It was part of the spitzenkandidat – or “lead candidate” – process, where contenders for the role are put forward by the pan-European groups of like-minded political parties in the European Parliament.
Each applicant has to be running in the European elections which will be held on 23-26 May.
The job comes with a staff of more than 30,000, a seat at summits of EU leaders and the right to propose new European laws.
The concept was tried for the first time in 2014. It is meant to make the appointment seem more democratic by putting the winner through something resembling an election campaign.
Six candidates were on stage in Brussels:
- Manfred Weber, European People’s Party
Manfred Weber has been a high-flyer in the EU’s influential bloc of centre-right parties from a young age. He often stresses his Bavarian roots as he promotes his 10-point plan for Europe.
He is the closest the contest has to a front-runner but the only thing he has ever run is the EPP delegation in the European Parliament.
During the debate, he promised to appoint a commissioner to oversee a new relationship with Africa to help control migration to Europe. He said future trade deals with other countries would include clauses banning child labour.
But he had to fend off accusations that his centre-right colleagues had voted against climate change measures.
- Frans Timmermans, Party of European Socialists
He is the supremely multilingual First Vice-President of the European Commission. The Dutchman steered through EU legislation banning plastic straws and negotiated the EU’s deal with Turkey to reduce the flow of migrants.
His signature proposal in the debate was a minimum rate of corporation tax across the EU of 18%.
- Margrete Vestager, Liberals
Ms Vestager, from Denmark, currently oversees competition policy at the European Commission, where she led investigations that ended in big fines for Google and Apple.
But she admitted during the debate that the Commission had alienated voters.
“Last year we got digital citizens’ rights. That we called GDPR. How can we expect people to appreciate that?”
Unusually the Liberals have fielded a slate of six others for the EU’s top job, including the European Parliament’s Brexit co-ordinator Guy Verhofstadt.
- Ska Keller, European Green Party
This is Ska Keller’s second time as a spitzenkandidat. Although she is a Green, she is as likely to talk about the rights of migrants as the plight of the environment.
She demanded that future agreements contain better protections for human rights.
Dutch environmentalist Bas Eickhout is also standing for the Greens.
- Nico Cué, European Left
The far left’s representative is a former metalworker from Spain who grew up in Belgium.
“EU unity is at risk because of austerity policies of unheard-of violence being applied in Southern Europe,” he said.
He shares the role with Violeta Tomic, a former TV actress and member of the Slovenian Parliament.
- Jan Zahradil, European Conservatives and Reformists
The European Conservative and Reformists selected this Czech MEP to make the case for limiting the powers of the EU institutions and reinforcing the role of the individual member states.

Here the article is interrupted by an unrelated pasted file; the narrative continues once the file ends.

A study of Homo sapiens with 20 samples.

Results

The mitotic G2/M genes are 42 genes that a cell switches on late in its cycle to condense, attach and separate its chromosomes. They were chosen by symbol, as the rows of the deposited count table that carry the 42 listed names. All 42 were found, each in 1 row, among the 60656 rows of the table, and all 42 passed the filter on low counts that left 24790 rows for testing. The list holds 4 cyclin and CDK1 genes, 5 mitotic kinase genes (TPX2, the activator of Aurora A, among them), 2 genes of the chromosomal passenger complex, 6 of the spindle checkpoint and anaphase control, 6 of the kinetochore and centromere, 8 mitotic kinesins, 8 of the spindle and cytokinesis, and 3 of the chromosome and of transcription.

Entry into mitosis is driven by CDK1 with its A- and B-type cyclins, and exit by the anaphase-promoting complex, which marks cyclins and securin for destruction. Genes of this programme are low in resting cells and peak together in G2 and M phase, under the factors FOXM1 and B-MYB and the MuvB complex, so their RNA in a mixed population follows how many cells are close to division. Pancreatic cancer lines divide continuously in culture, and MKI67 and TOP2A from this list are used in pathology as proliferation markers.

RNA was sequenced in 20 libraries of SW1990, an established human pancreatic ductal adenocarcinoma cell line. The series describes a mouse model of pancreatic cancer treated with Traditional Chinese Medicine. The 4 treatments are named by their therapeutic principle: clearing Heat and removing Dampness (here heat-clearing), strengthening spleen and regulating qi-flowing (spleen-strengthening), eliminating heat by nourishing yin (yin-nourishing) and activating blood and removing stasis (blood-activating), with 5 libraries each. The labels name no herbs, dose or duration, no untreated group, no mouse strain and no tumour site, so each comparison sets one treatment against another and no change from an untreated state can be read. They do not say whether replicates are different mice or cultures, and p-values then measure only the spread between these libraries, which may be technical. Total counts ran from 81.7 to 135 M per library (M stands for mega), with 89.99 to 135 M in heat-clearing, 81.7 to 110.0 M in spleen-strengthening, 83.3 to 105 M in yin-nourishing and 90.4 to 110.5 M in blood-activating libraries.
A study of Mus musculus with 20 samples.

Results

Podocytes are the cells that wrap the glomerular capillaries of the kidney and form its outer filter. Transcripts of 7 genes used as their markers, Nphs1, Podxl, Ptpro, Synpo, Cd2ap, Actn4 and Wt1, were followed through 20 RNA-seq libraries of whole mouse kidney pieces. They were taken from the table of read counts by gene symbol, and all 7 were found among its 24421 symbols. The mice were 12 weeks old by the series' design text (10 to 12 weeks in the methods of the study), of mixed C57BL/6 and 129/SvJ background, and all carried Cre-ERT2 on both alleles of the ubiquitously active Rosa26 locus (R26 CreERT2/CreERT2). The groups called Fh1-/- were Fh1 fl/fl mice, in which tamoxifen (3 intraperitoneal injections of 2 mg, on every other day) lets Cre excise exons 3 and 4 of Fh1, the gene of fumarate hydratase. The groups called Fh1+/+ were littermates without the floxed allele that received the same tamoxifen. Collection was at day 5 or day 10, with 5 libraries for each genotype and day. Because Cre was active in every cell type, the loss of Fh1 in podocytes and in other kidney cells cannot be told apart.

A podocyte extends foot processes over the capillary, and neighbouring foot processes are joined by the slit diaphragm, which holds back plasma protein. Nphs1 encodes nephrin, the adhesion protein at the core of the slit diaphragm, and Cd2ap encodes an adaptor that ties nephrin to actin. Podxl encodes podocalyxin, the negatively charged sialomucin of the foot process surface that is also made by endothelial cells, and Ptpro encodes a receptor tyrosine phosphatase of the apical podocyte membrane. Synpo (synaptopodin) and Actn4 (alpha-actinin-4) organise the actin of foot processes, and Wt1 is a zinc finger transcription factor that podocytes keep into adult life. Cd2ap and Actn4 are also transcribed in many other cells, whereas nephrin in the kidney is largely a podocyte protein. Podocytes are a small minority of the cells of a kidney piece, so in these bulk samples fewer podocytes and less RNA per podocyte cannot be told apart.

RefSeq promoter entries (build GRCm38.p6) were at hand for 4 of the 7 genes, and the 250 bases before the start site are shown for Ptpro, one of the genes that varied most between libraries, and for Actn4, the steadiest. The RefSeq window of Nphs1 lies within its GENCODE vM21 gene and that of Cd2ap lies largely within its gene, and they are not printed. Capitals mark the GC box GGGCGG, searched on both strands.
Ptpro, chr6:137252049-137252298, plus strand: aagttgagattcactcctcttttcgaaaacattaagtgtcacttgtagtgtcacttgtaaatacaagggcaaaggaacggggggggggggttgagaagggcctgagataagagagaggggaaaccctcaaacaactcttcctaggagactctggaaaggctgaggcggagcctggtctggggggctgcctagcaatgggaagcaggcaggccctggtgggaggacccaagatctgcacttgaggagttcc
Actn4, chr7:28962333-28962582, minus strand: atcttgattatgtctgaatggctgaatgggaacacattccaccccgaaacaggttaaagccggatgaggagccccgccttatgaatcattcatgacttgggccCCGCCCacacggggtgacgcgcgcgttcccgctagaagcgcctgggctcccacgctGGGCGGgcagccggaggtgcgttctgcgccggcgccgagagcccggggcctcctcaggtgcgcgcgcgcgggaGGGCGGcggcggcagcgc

He quoted opinion polls from his home country which showed that 90% of citizens wanted to stay in the EU but 70% did not want to join the single currency, the euro.
“There is a clear example that people like the European Union but do not like everything that comes from the European Union,” he said at the debate.
So who’s going to win?
Figures from various other political tribes had been mentioned as potential spitzenkandidaten but either failed to fulfil the criteria for taking part in the TV debate or never quite embraced the idea.
The includes the Deputy Prime Minister of Italy Matteo Salvini, the former Greek finance minister Yannis Varoufakis and Oriole Junckeras, currently in jail for his role in the Catalan independence referendum in 2018.
But there is no guarantee that any of them will end up as President of the European Commission.
Previously the job went to the person whose group won the most seats in the election.
That’s how Jean-Claude Juncker got the job five years ago, despite objections from David Cameron and the Hungarian Prime Minister Viktor Orban.
This time round, EU leaders have said the European treaties give them the sole authority to nominate someone for the role, and that they only have to nod towards the results of the European Parliament election when they make their choice.
The successful candidate then has to secure a majority in the European Parliament.
And the appointment is more likely to be the product of power-plays between countries, and the need for a gender and geographical balance among the EU’s other upcoming vacancies, which include the head of the European Central Bank, the President of the European Council and the bloc’s Foreign Policy chief.
“It means we might end up with everyone’s second choice,” explained one EU official.
That could be the EU’s Chief Brexit negotiator Michel Barnier who impressed many governments with his ability to keep 27 countries on the same page during the talks with the UK.
But the Brussels rumour mill’s current favourite fantasy candidate is the German Chancellor Angela Merkel, even though there is no evidence whatsoever she has any interest in the job.
The days after the European elections will see a race for control of the process that will pit the European political parties against EU leaders, who will discuss the issue at a special summit on 28 May.